Thursday, July 06, 2006

The Civil War comic series speaks to Americans of the divisions


Cheng Tju (or CT Lim as he likes to be known) used to write with me for M3 magazine (while they were still around). We had some good times interviewing people and getting freebies while on the music journalism beat. Highlights of our stint together were interviewing Sonic Youth and Lori Carson. We had some good times together.

CT has since gone on to bigger and better things. Most prominently, he's finished a Masters degree exploring the history of woodcut political cartoon from Malaya and he's also started writing for prominent publications like the Straits Times and The Comics Journal. He's given me permission to re-publish what I think is a thought-provoking essay on how popular culture can be reflections of wider political and social occurrences.


COMIC SUPERHEROES' CIVIL WAR'

BY LIM CHENG TJU
For The Straits Times

AFTER more than 40 years, Spiderman has decided to unmask himself and reveal to the rest of the world that he is Peter Parker. What could be seen as a publicity stunt by Marvel Comics, publisher of the Spiderman comic books, for its annual summer crossover event (meaning you have to buy various series to get the whole story) is actually a clever usage of popular culture.

The revealing of Spiderman's secret identity is part of a larger storyline
called Civil War. In this, a fight gone wrong has led to the American public turning against the superheroes. The government quickly calls for the registration and unmasking of all heroes and vigilantes. Battle lines are drawn, with the heroes split into two opposing camps. On one side, you have those in favour of the enactment of the Superhuman Registration Act, seen as the way forward for heroes - led by Iron Man - to do what they have to do. The other side, led surprisingly by Captain America, is against government control of heroism. They start an underground resistance movement. You can guess which side Spiderman is on.

Granted that this is not a new concept in comic books as it has been
explored before in Kingdom Come and even the X-Men series and movies, Civil War's take on this 'brother-versus-brother' theme is timely. The only thing more exciting to comic fans than a slugfest between the good guys and the bad guys is a slugfest between the good guys and the good guys. For example, who is stronger - Superman or the Hulk?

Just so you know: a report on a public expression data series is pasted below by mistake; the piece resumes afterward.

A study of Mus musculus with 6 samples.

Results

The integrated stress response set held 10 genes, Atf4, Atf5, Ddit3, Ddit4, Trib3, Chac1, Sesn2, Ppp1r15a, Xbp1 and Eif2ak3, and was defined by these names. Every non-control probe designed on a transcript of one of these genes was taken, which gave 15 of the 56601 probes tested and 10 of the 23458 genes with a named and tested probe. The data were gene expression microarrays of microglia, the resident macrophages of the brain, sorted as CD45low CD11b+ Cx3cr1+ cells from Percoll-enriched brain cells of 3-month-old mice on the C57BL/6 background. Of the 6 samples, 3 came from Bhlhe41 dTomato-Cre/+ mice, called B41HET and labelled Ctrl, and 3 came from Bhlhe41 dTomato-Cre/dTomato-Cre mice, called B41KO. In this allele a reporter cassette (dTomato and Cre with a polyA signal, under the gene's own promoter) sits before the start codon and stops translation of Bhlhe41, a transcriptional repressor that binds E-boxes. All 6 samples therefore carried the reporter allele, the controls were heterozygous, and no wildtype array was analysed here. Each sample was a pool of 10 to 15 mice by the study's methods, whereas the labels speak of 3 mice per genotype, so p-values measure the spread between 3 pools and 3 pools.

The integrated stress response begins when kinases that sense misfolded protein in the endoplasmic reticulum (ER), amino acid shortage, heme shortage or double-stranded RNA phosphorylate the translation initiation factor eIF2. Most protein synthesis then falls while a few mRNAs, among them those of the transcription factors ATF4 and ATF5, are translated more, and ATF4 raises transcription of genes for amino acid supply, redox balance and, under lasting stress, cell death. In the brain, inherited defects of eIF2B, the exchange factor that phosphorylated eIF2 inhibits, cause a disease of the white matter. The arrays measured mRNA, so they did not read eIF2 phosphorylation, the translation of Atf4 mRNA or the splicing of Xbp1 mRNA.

Of course, the Civil War series is a throwback to the American Civil War of
the 19th century, which forged a new destiny for the United States. It is also a reference to the public divide created during the McCarthy era of the 1950s. But closer to our times, Civil War speaks to Americans of the divisions within their society over the actions of the US government both at home and abroad. A more explicit statement against America's interference in the Middle East is found in The Ultimates, where the tables are turned on the heroes after they cross the line to invade a rogue state, expanding beyond the jurisdiction of what constitutes 'homeland security'. Indeed, in The New Avengers, the bad guys are the government agency for national security. Popular culture has the ability to entertain and reflect public sentiment in the most interesting and accessible manner. Sadly, we see less of that in Singapore.

Last week, as the media was awash with news of Spiderman's unveiling, I
visited the Fiction@Love exhibition at the Singapore Art Museum. The show is said to explore the 'concerns related to the satire and fantasy of love' through the contemporary medium of 'Animamix Art' - that is, a combination of comics, graphic design, animation, manga and anime in art. But it didn't quite work. The tension between high-brow art and low-brow pop culture remained in the works displayed. Whatever the message was that the show attempted to convey, it is doubtful if the audience grasped it. Nothing was more telling than the interactive tour, which featured a reading of the exhibits using the texts of Neil Gaiman and Hermann Hesse. No one in the audience of about 20 had heard of either of these authors. This disjuncture between how popular culture is reinterpreted in the Singapore Art Museum and how a popular medium like comic books is used to reflect public sentiment in America provides much food for thought. Recent discussions on Singapore's culture and identity have not considered the role that can be played by contemporary pop culture of films and graphic images. As Spiderman has reminded us, pop culture can be expressions of not just who we are but of what we are thinking about.